Through the Prism

After passing through the prism, each refraction contains some pure essence of the light, but only an incomplete part. We will always experience some aspect of reality, of the Truth, but only from our perspectives as they are colored by who and where we are. Others will know a different color and none will see the whole, complete light. These are my musings from my particular refraction.


Introvert Power

For as long as I can remember, I've been comfortable doing things alone. Sure, I wanted connections with others and would get lonely without periodic socializing, but many of my favorite activities have been solitary ones. Running, hiking, biking, and swimming. Reading. Since I've been able to drive I've been going to movies by myself. Taking books to restaurants for time out by myself. Sometimes I do my best concentrating and internal focusing when in crowded places surrounded by people--I like the noise and energy as atmosphere, but they may as well not even exist as individual entities.

I enjoy this about myself, but it's been a goal of mine to open myself up more to others, be more extroverted, perhaps, and not be so quietly isolated in my head. Sharing thoughts on this forum and FaceBook and the like has been part of it, but I'm sure I'm different in person now than I used to be. While working through this process I've considered different books. Didn't find many explicit ones I liked, but along the way I bumped into some with actual titles like Introvert Power. Yet they all seemed to me to ultimately miss the point. Reading through the tables of contents and such, they were written to help introverts feel less bad about being introverted yet concluded with strategies for being more extroverted. They kind of preached the value of being internal and comfortable with isolation, but they kind of didn't, and they ultimately validated the common perspective that extroversion is more valuable and more likely to lead to success.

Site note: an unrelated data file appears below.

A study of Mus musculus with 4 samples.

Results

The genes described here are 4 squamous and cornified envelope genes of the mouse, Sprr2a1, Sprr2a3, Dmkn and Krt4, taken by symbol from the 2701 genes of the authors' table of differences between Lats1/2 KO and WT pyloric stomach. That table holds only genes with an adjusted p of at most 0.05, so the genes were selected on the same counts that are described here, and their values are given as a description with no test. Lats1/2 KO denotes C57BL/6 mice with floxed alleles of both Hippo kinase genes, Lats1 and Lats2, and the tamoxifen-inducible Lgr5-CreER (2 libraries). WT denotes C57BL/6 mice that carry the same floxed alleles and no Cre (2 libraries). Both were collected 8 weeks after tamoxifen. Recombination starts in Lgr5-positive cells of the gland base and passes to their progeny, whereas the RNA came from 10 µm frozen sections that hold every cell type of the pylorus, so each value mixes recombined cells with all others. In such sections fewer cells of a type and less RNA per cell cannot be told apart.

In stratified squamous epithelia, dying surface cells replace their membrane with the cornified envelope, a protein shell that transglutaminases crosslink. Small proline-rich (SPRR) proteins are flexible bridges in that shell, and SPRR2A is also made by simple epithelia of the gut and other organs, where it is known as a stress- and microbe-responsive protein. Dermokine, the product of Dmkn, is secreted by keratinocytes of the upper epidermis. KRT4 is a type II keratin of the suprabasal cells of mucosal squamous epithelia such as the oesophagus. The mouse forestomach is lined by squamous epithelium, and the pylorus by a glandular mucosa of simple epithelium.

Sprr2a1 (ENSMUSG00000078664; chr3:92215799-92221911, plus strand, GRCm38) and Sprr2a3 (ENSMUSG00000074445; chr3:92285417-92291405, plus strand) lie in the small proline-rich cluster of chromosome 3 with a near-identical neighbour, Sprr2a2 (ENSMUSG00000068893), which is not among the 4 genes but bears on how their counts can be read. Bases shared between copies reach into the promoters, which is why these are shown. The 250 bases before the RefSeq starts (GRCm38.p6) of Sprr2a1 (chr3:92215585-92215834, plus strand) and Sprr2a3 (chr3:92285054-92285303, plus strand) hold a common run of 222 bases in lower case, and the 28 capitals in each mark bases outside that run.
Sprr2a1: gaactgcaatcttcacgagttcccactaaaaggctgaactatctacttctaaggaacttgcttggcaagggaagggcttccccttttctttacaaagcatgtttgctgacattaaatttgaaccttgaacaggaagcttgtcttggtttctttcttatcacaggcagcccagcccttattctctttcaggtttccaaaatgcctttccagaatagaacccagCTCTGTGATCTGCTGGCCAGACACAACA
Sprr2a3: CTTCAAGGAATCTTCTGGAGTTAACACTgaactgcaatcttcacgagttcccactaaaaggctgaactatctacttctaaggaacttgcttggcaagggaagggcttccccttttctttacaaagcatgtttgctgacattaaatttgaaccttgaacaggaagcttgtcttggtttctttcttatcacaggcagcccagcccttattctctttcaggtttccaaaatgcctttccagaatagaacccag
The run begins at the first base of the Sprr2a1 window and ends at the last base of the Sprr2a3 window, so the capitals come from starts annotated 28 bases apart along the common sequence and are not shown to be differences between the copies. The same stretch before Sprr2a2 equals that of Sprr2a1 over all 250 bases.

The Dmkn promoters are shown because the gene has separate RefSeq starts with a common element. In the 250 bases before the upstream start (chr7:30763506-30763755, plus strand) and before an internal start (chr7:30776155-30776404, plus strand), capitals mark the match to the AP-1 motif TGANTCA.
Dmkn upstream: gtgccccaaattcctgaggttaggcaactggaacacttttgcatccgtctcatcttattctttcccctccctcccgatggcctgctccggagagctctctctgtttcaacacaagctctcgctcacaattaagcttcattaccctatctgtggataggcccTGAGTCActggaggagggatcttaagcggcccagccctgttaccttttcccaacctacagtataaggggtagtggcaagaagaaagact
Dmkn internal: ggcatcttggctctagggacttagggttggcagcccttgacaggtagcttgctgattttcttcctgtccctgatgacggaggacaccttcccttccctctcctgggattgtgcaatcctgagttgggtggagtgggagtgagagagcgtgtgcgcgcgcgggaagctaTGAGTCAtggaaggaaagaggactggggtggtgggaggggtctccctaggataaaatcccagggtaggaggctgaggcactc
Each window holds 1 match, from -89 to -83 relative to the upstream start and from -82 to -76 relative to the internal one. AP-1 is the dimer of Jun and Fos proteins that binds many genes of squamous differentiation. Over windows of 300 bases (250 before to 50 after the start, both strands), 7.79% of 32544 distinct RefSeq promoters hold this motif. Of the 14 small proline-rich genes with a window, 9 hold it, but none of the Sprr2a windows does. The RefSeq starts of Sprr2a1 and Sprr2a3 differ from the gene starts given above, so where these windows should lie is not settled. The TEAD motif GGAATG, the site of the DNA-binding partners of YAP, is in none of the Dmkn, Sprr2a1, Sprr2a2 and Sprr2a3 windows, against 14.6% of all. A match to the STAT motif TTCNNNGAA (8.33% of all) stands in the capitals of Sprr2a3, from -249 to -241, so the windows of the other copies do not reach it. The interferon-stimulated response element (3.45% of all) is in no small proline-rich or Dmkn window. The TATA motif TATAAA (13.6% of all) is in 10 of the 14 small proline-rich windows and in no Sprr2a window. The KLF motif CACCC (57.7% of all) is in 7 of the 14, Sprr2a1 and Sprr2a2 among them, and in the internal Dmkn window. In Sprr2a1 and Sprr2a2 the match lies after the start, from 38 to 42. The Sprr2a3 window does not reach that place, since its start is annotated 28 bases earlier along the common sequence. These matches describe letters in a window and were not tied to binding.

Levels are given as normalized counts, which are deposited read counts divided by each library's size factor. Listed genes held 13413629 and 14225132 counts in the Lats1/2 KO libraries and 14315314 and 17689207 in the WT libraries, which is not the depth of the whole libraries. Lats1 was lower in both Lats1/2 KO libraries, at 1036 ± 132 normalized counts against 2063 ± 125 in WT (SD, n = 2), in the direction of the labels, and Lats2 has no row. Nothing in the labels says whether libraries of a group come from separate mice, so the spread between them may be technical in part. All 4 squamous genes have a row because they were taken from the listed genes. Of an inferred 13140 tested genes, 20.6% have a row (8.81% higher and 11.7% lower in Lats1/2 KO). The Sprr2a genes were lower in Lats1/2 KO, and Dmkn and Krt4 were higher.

This performance poem, however, gets it exactly right:


And on the subject of isolated activities like reading, I love this article. I always look to see what people are reading and check out the bookshelves when I visit someone for the first time.

Judging a Girl by Her Cover
I'll miss a world where books make the first move

. . . Remember when you could tell a lot about a guy by what cassette tapes—Journey or the Smiths?—littered the floor of his used station wagon? No more, because now the music of our lives is stored on MP3 players and iPhones. Our important papers live on hard drives or in the computing cloud, and DVDs are becoming obsolete, as we stream movies on demand. One by one, the meaningful artifacts that we used to scatter about our apartments and cars, disclosing our habits to any visitor, are vanishing from sight.

Nowhere is this problem more apparent, and more serious, than in the imperilment of the Public Book—the book that people identify us by because they can glimpse it on our bookshelves, or on a coffee table, or in our hands. As the Kindle and Nook march on, people's reading choices will increasingly be hidden from view. We'll go into people's houses or squeeze next to them on the subway, and we'll no longer be able to know them, or judge them, or love them, or reject them, based on the books they carry. . . .


At 8/20/2010 10:05 PM, Blogger Hadrian said...

The first thing I always look at when I go to someone's home is the bookshelves. Always. And when I'm out, and people are reading in public, I do take note of what. Especially when they're women. Of course.